Help people like me, who really want the vaccine, before trying to sell the skeptics

Well over a month ago, I registered on the McHenry County web site for an appointment, yet I have heard nothing back.

SHARE Help people like me, who really want the vaccine, before trying to sell the skeptics

A person receives the Moderna COVID-19 vaccine in a vaccination site at Chicago Vocational Career Academy in the Stony Island Park neighborhood on March 5, 2021.

Pat Nabong/Sun-Times

I am a 67-year-old woman who works two jobs. I work full time in an office, where I have to go in every day, and I work as a cashier at my local Walmart three nights a week, and on Saturdays and Sundays.

This leaves me two evenings a week to run my life, such as doing laundry, cleaning, grocery shopping, etc. I do not have time to spend hours on the internet trying to get a vaccination appointment, nor do I have the time or inclination to drive an hour for one.

SEND LETTERS TO: Please include your neighborhood or hometown and a phone number for verification purposes. Letters should be 350 words or less.

Well over a month ago, I registered on the McHenry County website for an appointment, yet I have heard nothing back, other than receiving an email acknowledging my registration. I have tried to get an appointment with my local Walgreens and Jewel-Osco but with no luck.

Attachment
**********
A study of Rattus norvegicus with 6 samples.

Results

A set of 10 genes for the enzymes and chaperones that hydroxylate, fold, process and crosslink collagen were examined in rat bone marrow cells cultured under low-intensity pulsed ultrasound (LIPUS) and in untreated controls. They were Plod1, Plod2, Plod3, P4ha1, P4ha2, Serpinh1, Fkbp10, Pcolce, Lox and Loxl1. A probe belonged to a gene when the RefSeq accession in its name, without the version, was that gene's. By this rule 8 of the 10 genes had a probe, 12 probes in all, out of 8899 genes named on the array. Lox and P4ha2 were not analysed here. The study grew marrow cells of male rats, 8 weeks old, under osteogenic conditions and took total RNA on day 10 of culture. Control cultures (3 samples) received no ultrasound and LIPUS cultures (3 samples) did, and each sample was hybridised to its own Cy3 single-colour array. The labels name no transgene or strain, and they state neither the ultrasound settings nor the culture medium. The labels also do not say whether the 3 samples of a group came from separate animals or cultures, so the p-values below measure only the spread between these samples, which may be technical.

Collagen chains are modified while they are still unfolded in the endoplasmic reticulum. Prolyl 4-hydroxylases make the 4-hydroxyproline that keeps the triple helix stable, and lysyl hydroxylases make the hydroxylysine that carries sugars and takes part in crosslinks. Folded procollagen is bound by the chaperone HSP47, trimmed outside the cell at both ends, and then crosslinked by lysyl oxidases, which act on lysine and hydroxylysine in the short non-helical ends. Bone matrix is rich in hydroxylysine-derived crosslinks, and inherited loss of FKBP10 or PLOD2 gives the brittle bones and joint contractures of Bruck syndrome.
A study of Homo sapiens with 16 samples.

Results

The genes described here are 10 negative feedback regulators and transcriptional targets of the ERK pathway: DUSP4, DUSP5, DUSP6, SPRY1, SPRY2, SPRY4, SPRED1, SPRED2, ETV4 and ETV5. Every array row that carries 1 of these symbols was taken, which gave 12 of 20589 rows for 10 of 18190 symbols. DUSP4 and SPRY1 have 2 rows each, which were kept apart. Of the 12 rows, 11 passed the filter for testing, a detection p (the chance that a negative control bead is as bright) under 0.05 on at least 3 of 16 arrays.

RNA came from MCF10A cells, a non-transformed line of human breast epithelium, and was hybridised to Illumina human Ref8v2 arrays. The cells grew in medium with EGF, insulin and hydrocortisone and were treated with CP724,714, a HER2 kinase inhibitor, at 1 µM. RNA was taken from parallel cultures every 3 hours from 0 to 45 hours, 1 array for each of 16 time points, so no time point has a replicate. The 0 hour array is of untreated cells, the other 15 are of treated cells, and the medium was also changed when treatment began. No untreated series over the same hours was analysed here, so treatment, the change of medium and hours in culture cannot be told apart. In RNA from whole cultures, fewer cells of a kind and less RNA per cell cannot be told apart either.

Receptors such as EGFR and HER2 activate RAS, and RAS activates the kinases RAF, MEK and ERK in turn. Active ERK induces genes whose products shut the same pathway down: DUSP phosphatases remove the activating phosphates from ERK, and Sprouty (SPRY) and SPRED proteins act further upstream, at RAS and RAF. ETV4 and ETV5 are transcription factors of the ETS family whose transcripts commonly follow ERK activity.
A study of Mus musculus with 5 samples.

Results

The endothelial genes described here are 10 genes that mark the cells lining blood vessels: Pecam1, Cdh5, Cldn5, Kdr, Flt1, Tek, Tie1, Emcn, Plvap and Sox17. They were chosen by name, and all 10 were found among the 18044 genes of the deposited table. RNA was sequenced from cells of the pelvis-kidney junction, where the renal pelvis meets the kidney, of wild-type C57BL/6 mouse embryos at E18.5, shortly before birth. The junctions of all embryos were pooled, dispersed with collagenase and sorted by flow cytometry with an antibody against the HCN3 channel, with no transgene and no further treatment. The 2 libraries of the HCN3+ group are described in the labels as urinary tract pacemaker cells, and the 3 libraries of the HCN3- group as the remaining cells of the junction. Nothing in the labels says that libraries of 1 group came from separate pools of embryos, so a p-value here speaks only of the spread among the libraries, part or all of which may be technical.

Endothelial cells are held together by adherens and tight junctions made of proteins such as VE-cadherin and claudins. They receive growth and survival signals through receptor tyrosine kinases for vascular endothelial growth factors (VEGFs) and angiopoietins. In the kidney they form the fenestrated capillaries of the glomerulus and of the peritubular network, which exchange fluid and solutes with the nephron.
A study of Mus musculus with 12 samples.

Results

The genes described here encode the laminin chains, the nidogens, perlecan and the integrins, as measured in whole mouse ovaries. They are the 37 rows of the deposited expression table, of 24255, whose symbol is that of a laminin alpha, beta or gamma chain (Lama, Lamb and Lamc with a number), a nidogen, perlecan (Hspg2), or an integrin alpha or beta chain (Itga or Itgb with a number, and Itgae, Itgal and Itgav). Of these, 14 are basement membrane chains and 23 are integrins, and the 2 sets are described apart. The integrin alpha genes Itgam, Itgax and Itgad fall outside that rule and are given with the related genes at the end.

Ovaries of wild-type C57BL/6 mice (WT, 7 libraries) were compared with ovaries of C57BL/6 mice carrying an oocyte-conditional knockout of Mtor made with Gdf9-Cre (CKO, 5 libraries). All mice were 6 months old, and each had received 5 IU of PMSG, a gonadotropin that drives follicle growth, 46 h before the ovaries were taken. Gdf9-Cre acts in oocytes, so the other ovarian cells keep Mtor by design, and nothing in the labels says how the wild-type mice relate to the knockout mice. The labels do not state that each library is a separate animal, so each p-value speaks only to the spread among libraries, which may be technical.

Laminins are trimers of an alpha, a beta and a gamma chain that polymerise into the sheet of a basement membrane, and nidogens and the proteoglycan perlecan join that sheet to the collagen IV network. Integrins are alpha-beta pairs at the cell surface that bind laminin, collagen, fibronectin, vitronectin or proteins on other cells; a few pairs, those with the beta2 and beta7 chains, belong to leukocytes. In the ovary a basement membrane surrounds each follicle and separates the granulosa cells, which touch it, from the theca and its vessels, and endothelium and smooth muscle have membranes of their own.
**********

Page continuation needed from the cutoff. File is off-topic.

The powers that be should do more to help people like me get an appointment — people who actually want to get vaccinated — before they work on convincing those who do not want to get vaccinated.

Regina Gomory, Crystal Lake

Equal justice under Garland

Merrick Garland, the new U.S. attorney general, says there will be equal justice at the Justice Department, a complete change from the realm of Bill Barr. In fact, one of the first to-do’s for the new Justice Department should be to identify the ways Barr violated the department’s mission and bring charges.

Lee Knohl, Evanston

Seeking help makes you strong

Suicide has to be the saddest of deaths. The recent suicides of two of Chicago’s finest, as well as the dark thoughts of Princess Diana and Duchess Meghan Markle, have come to the forefront in the news of the day, reminding us that no one is exempt from overwhelming pain and sorrow.

The most reliable lifeline a suicidal person can grab onto is: reaching out for help is a sign of strength, not weakness.

Kathleen Melia, Niles

Editor’s note: The National Suicide Prevention Hotline is 800-273-8255.